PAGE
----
Special Forces


Strong support from Secretary of the Army Frank Pace got the proposal adopted in September 1 950, and to no one’s surprise, McClure was chosen to lead the new organization. The next spring he moved quickly to fill his headquarters’ small Special Operations Section with veterans who had served with the OSS, Merrill’s Marauders, and other such units. The most senior positions went to Colonels Wendell Fertig and Russell W. Volckman, who had commanded guerrilla operations against Japanese troops in the Philippines, and Aaron Bank, who had led three Jedburgh missions into France and one into Indochina, where he worked with Ho Chi Minh.

Responding to high-level Army dissatisfaction with the Rangers’ lack of foreignlanguage ability and limited training, McClure and his staff pressed for the establishment of more highly trained Special Forces Ranger Units. But unlike the Rangers, whose duties were confined to raiding and patrolling close to the front lines, these soldiers would operate—some in uniform, some not—with indigenous guerrilla groups deep in enemy rear areas.

All the Ranger companies were deactivated in 1951, and this opened 2,300 manpower slots within the Army. McClure managed to have many of these assigned to his newly created empire at Fort Bragg, North Carolina: the Psychological Warfare Center and its Special Forces School, whose graduates would fill the regimentsized 10th Special Forces Group. McClure tapped Bank to command the group. There was no reference to the Rangers in either the school’s or the group’s title; not only was the Special Forces’ mission to be “entirely different,” Bank explained, but the Army held that “all reference to Rangers should be deleted because Special Forces would be involved in subversive activities.”

Airborne soldiers and former Rangers made up most of the early volunteers. Men with OSS experience got unit commands and important training jobs, and Army personnel from Eastern Europe were included in every A-team of 2 officers and 13 seasoned noncommissioned officers (sergeants), built on the OSS model. The basic pattern for today’s Special Forces training can be clearly seen in the original routine established at Fort Bragg: intensive instruction in clandestine activities, survival methods, and techniques for training guerrillas. The course was made even more demanding by its focus on cross-training. Every man had to master more than one duty, so that troopers could work independently and a unit would not be incapacitated if it lost specialized personnel.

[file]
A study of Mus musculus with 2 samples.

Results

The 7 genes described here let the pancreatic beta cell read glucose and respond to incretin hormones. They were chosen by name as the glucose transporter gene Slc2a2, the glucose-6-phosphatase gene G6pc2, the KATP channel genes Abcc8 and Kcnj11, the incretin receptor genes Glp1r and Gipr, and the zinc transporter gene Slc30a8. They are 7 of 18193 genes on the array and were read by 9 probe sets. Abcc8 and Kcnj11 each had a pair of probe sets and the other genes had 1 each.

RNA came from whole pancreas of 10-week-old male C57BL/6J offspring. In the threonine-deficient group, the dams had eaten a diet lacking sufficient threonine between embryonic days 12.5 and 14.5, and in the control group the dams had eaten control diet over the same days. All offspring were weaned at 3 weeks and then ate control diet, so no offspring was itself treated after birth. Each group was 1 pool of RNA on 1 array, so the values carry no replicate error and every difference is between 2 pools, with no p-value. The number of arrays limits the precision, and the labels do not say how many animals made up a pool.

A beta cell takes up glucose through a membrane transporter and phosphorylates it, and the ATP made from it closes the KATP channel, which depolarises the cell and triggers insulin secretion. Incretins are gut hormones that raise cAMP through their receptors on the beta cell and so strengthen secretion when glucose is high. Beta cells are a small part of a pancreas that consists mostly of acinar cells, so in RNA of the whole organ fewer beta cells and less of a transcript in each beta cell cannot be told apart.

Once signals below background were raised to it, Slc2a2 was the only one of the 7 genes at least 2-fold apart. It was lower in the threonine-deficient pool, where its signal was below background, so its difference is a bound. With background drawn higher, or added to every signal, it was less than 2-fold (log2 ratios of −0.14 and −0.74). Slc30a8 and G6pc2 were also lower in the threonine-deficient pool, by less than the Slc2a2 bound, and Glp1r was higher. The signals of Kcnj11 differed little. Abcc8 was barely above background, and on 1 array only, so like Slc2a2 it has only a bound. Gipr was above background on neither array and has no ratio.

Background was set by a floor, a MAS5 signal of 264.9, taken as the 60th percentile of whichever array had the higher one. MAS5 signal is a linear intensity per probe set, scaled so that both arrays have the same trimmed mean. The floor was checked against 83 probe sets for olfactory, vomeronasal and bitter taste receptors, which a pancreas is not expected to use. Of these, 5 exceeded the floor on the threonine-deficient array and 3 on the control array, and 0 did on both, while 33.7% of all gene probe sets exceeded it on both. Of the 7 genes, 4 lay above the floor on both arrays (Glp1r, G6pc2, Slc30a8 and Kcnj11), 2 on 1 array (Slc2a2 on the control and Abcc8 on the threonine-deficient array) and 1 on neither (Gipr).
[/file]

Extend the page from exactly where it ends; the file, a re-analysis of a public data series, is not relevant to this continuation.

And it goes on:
No sooner had the new Special Forces outfit completed its initial training session, in the summer of 1953, than East Berlin exploded in a revolt that was bloodily suppressed by Soviet tanks. The U.S. Army immediately sent overseas its one unit capable of controlling and directing resistance movements that might develop in Eastern Europe. Fully half the 10th Special Forces Group was deployed to Bad Tolz, a former German officers’ training center south of Munich; the rest of its men stayed behind to form yet another Special Forces group, the 77th, at Fort Bragg.

At first the staff officers planning for World War III in Europe weren’t sure what to do with the newly minted outfit. Planners would ask “how many men the 10th Special Forces Group would put on the line on D-day,” in the words of Col. Charles M. (“Bill”) Simpson. “The answer, of course, was ‘none.’” Special Forces had to educate the planners and make them understand that these soldiers were not some kind of super Rangers, that if Soviet divisions smashed their way into West Germany, the job of the 10th was not to fight in the streets of Berlin but to parachute teams far behind Soviet lines and link up with contacts that the CIA had developed before hostilities broke out.


SPECIAL FORCES was—and still is—designed to work toward long-term objectives rather than quick battlefield fixes, because the personal trust necessary for partisan networks to fight effectively takes time to develop. Simpson wrote that “It would be months before effective guerrilla operations could start.”

They never had to start, of course, because the war didn’t come. In the years following the East Berlin revolt, direct confrontation with the United States grew less attractive to the Soviet Union and China, and they increasingly turned to “wars of national liberation” as a means of expanding their influence while minimizing their own risk. Special Forces soldiers had always thought of themselves as resistance fighters—indeed their motto remains De oppressa liber (to liberate the oppressed)—and in the new environment, who better to fight guerrillas than one who is trained to be a guerrilla?